Surgery Remains Imperative in Biomarker-Driven NSCLC Era

David Mason, MD, addresses the evolving role of surgery for patients with non–small cell lung cancer.

David Mason, MD

Amid the ongoing explosion of immunotherapy and targeted agents in non—small cell lung cancer (NSCLC), surgery remains a key component of the armamentarium.

Surgery may be less of an option for patients with metastatic disease, but for those with NSCLC that is oligometastatic or who may benefit from a neoadjuvant or adjuvant systemic agent, removing tumors is now more essential than ever to the landscape, according to David Mason, MD.

“There are multiple areas where surgeons can be involved [that] we might not necessarily think of immediately,” Mason said. “[As with] the oligometastatic setting, patients in the induction setting may potentially have an added benefit to surgery, along with some of the other therapies that are [emerging]. Surgery for oligometastatic disease and surgery in the induction therapy setting are the 2 biggest areas I would focus on.”

OncLive®: Please provide an overview of your discussion.

Can you expand on how the 2 have comingled and the impact on surgery?

In an interview during the 2018 OncLive® State of the Science Summit™ on Non—Small Cell Lung Cancer, Mason, chief of thoracic oncology and lung transplantation at Baylor University Medical Center, addressed the evolving role of surgery for patients with NSCLC.Mason: The main topics that I wanted to cover were how biomarkers have impacted the practice of surgery and where the 2 intersect, as well as where the future of surgical resection might be in light of what we are learning today regarding biomarkers. They have intermingled in several areas. One is to obtain tissue [from surgery] and put people on trials to generate more knowledge about the general genomics of lung cancer. Two, we are really looking at where biomarker therapies are intersecting with lung cancer. Those primarily are in the adjuvant setting, or treatment after lung cancer resection.

On the induction side of things, patients would get treatment prior to surgery based on the genetic evaluation of their tumors, and it would be directed therapy related to those biomarkers. [Patients may get treatment] in the adjuvant setting and in the induction setting prior to surgery.

Can you share insight on a scenario of neoadjuvant treatment?

There are settings that are more unusual, where a patient may have been treated for a more advanced cancer—potentially, a metastatic cancer—and have good response to treatment; their disease has stabilized; and, if they have a single residual focus of disease, surgical removal of that tumor might benefit them in the future. [At the meeting,] I gave a case presentation that really highlighted the metastatic setting. I had a patient who was relatively young, in her late 50s, who presented with a tumor that was metastatic to the brain. She was treated on a trial with a PD-L1 inhibitor that controlled her disease for 2 years. At the end of that therapy in that trial over the course of 2 years, she had a single residual area of tumor in her right lung and right upper lobe. The decision was to go ahead and take that out, given the fact that it might be her only site of disease. Her lung and surgical resection demonstrated no evidence of residual disease, and that patient is doing well right now.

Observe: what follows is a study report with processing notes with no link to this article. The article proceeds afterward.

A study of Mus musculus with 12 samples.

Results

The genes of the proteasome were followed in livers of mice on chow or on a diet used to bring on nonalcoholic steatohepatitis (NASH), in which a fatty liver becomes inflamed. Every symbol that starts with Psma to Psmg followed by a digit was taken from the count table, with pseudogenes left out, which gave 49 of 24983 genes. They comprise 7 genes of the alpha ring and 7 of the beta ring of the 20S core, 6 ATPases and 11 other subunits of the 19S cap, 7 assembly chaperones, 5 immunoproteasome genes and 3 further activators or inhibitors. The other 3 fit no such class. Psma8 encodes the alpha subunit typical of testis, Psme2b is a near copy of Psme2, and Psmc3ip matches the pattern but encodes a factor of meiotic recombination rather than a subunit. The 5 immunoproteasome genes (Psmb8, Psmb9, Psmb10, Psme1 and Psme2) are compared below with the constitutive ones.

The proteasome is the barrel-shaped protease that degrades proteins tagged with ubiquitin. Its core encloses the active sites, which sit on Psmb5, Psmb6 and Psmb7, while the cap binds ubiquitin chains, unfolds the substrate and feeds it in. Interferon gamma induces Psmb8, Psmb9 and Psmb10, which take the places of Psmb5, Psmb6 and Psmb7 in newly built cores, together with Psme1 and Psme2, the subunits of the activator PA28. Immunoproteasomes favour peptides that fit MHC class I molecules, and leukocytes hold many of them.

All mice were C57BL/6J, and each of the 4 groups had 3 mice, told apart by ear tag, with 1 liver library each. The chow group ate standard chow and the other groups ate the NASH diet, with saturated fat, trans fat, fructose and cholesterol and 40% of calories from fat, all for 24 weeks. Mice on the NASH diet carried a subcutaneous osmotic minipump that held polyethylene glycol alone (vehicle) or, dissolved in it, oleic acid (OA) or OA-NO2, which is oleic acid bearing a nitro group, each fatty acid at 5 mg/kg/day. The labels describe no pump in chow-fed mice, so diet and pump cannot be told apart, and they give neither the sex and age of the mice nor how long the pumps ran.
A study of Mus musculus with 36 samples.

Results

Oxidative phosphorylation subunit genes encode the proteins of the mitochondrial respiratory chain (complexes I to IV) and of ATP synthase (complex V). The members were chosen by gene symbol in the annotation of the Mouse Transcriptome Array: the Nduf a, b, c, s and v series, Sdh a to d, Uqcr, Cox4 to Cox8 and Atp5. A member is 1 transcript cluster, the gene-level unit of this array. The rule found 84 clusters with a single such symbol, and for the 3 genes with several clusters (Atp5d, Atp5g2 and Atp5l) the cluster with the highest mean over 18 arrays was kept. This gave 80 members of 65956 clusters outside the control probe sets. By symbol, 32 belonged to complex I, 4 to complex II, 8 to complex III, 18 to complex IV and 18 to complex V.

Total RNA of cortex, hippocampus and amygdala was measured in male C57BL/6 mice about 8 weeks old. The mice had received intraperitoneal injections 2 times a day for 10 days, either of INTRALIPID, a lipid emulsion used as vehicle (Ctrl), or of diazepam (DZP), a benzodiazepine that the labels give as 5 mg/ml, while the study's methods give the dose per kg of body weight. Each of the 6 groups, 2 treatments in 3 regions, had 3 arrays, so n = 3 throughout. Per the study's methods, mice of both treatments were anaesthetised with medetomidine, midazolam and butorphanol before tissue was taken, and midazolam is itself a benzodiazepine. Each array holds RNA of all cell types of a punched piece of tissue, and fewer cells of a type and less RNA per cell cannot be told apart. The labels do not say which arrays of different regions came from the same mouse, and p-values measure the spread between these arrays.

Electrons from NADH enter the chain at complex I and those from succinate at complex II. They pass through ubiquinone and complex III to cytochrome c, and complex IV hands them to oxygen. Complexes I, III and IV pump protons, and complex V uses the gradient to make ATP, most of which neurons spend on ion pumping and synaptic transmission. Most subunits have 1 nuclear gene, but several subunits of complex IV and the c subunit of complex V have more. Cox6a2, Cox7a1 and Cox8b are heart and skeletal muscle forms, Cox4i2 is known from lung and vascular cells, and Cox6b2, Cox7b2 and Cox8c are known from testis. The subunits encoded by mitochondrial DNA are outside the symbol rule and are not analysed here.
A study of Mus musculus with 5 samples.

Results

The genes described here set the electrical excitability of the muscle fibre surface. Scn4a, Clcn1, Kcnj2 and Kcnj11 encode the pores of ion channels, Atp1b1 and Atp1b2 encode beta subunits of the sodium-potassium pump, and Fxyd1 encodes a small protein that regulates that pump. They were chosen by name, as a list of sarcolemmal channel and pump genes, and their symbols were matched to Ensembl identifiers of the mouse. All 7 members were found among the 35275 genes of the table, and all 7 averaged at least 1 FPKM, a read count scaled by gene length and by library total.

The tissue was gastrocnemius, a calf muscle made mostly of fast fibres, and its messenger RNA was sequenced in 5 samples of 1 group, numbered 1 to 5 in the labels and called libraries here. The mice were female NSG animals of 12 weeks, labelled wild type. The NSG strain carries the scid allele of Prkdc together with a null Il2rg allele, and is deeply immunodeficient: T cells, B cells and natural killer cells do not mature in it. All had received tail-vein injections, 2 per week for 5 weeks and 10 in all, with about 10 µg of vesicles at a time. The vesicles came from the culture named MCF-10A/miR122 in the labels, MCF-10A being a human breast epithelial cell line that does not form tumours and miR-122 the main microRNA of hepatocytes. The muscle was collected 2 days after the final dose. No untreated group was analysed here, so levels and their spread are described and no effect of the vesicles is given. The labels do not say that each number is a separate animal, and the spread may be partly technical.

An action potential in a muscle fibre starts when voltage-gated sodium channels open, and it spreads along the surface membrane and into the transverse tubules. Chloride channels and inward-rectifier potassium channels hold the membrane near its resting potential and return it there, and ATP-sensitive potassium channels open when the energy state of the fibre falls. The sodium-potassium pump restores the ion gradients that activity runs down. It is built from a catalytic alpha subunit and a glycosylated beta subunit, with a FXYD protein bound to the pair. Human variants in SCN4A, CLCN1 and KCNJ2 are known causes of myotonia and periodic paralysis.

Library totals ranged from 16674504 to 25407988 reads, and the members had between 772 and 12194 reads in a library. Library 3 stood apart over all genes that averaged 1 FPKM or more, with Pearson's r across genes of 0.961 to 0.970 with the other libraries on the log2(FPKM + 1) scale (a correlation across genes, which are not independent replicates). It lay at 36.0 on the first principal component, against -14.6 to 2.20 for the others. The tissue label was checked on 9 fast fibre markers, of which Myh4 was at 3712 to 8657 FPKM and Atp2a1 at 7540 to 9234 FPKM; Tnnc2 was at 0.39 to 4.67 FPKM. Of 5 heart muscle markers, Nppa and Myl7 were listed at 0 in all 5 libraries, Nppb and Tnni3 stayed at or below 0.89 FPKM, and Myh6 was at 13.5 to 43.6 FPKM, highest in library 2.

What other types of patients with NSCLC would benefit from having surgical resection?

There is a setting of oligometastatic disease for biomarker-driven therapy, based on the findings that she had PD-L1 high expression and had PD-L1 treatment for 2 years on a trial, followed by surgical resection. That is a nice example of where those might intersect. It is an area we don’t know the answers to. Did surgery really benefit her? Are there other patients who might benefit? Is the treatment in that trial enough? Specifically, in the metastatic setting, these will be people who have oligometastatic disease or very few sites of metastatic foci, had a good response, and clearly respond to treatment. Obviously, nonresponders whose disease has progressed don’t seem likely to benefit from that. The patients who have very minimal disease—1 or 2 sites—might benefit. That is not a traditional approach for the use of surgery in cancer. Typically, we don’t operate in the metastatic setting, but that rarity might decrease over time.

Another area where there is value is in the adjuvant setting. That might be a larger subpopulation of patients, or patients receiving treatments in addition to surgery to try to improve long-term outcomes and diminish the likelihood of recurrence.

Following the progression of these therapeutic advancements, will surgery ever not be used for NSCLC?

There are some very interesting studies coming out now where induction has been used in other settings—not necessarily in the surgical setting but in the induction setting—showing very high efficacy for treatments of locally advanced tumors. This is particularly for stage III patients who are not getting surgery; in those patients, we’re learning that because of the effectiveness of those treatments, perhaps we could bring PD-L1 therapy to the surgical arena to further improve their outcomes. People have been talking about the future of oncology and the future of lung cancer without surgery. I don’t think that is ever going to happen. There is something about the biology of tumors where surgical removal will always be needed. It is something that provides job security to thoracic surgeons. In my lifetime, I don’t think that’s going to happen. Do I hope it happens for patients? I do. Do I think that’s likely to be the case? I don’t. Surgery will be an important mainstay of therapy when cure is entertained.